A Nation Like No Other

When did human beings proclaim that “all men are created equal”? Moses never mentioned it. Not the brilliant Sokrates. Not the Buddha. Not Confucius. Not even Jesus, who gave his blood in love to be one in earthly sorrow with those not born of virgins.

When, then, was the first time human dignity was affirmed in a single sentence?

Not until Thomas Jefferson the slave owner’s pen declared it as so. In Congress on July 4, 1776 the world was informed officially that every person’s worth is determined in and by their creation — and protected from the capricious whims of people and government by force of law itself.

And, as Abraham Lincoln told the Alton, Illinois audience of his seventh and final debate with Stephen Douglas on October 15, 1858, the violations of all Americans’ rights to “Life, Liberty, and the pursuit of Happiness” then apparent hardly invalidated the Framers’ words:

I think the authors of that notable instrument intended to include all men, but they did not mean to declare all men equal in all respects. They did not mean to say all men were equal in color, size, intellect, moral development or social capacity. They defined with tolerable distinctness in what they did consider all men created equal — equal in certain inalienable rights, among which are life, liberty, and the pursuit of happiness. This they said, and this they meant. They did not mean to assert the obvious untruth, that all were then actually enjoying that equality, or yet, that they were about to confer it immediately upon them. In fact they had no power to confer such a boon. They meant simply to declare the right, so that the enforcement of it might follow as fast as circumstances should permit.

They meant to set up a standard maxim for free society which should be familiar to all: constantly looked to, constantly labored for, and even, though never perfectly attained, constantly approximated, and thereby constantly spreading and deepening its influence and augmenting the happiness and value of life to all people, of all colors, every where.

Rembrandt Peale (1778 – 1860), Thomas Jefferson, 1800. Oil on canvas. (White House Historical Society / Wikipedia Commons)

To be free had never before been recognized as a right in the formation of a nation — if rights were ever recognized on those rare occasions at all. Though the majority of the document is devoted to the grievances against the Crown, the reason given for America’s right to independence is the rights which are humanity’s birthright.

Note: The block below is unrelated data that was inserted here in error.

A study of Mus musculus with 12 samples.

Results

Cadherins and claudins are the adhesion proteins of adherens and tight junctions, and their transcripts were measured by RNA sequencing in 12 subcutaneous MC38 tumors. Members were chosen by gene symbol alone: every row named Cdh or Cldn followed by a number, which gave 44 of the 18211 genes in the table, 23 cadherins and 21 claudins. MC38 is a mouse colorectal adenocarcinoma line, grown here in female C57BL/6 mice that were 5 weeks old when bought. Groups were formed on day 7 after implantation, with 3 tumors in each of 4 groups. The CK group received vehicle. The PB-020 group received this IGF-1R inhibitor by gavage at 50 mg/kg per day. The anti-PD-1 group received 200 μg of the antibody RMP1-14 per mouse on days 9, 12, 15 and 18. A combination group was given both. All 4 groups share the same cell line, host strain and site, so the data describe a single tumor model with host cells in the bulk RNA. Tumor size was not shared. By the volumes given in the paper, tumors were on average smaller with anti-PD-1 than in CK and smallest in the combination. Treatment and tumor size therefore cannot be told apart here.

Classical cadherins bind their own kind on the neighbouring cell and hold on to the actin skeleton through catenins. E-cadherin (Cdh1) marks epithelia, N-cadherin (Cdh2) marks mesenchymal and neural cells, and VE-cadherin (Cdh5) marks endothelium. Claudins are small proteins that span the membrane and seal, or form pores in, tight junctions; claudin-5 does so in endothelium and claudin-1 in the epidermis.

Though other colonies had made similar declarations in their own constitutions, what is exceptional is that an entire country — with all the injustices it had inherited from the British Empire, which would continue to fester for many decades to come — the Declaration of July 4, 1776 is among the most remarkable documents in human history because it challenges the very social reality in which it was created to face the ultimate reality of a God’s Law, antecedent to human political legislation.

None of America’s imperfections are peculiar to her; every great society has enslaved its fellow humans and been plagued by contemptible political corruption.

What is truly exceptional is America’s response to all injustices — the Declaration whose ratification we celebrate was the original weapon in the American arsenal. It was the Declaration which Lincoln cited as the nation moved closer to war — the first war in history to break the bondage of others.

America, even through its blunders and flirtations with the failed ideologies of Europe, has been a force for global good comparable to no other. Untold millions have been liberated from poverty unfathomable to Western moderns through Indian and Chinese efforts, however corrupt, to imitate American market capitalism. Millions of lives were saved through the most appalling decision in modern human history — the dropping of the atomic bombs on Japan — for a war which was originally intended to culminate with the “Honorable Death of the Hundred-Million” was ended with a peaceful Japanese surrender.

Therefore, every Independence Day, the exceptionalism of America should be remembered as Lincoln remembered it: that it is was a day which launched a society which “constantly looked to, constantly labored for, and even, though never perfectly attained, constantly approximated, and thereby constantly [spread] and deepen[ed] its influence and augment[ed] the happiness and value of life to all people, of all colors, every where.”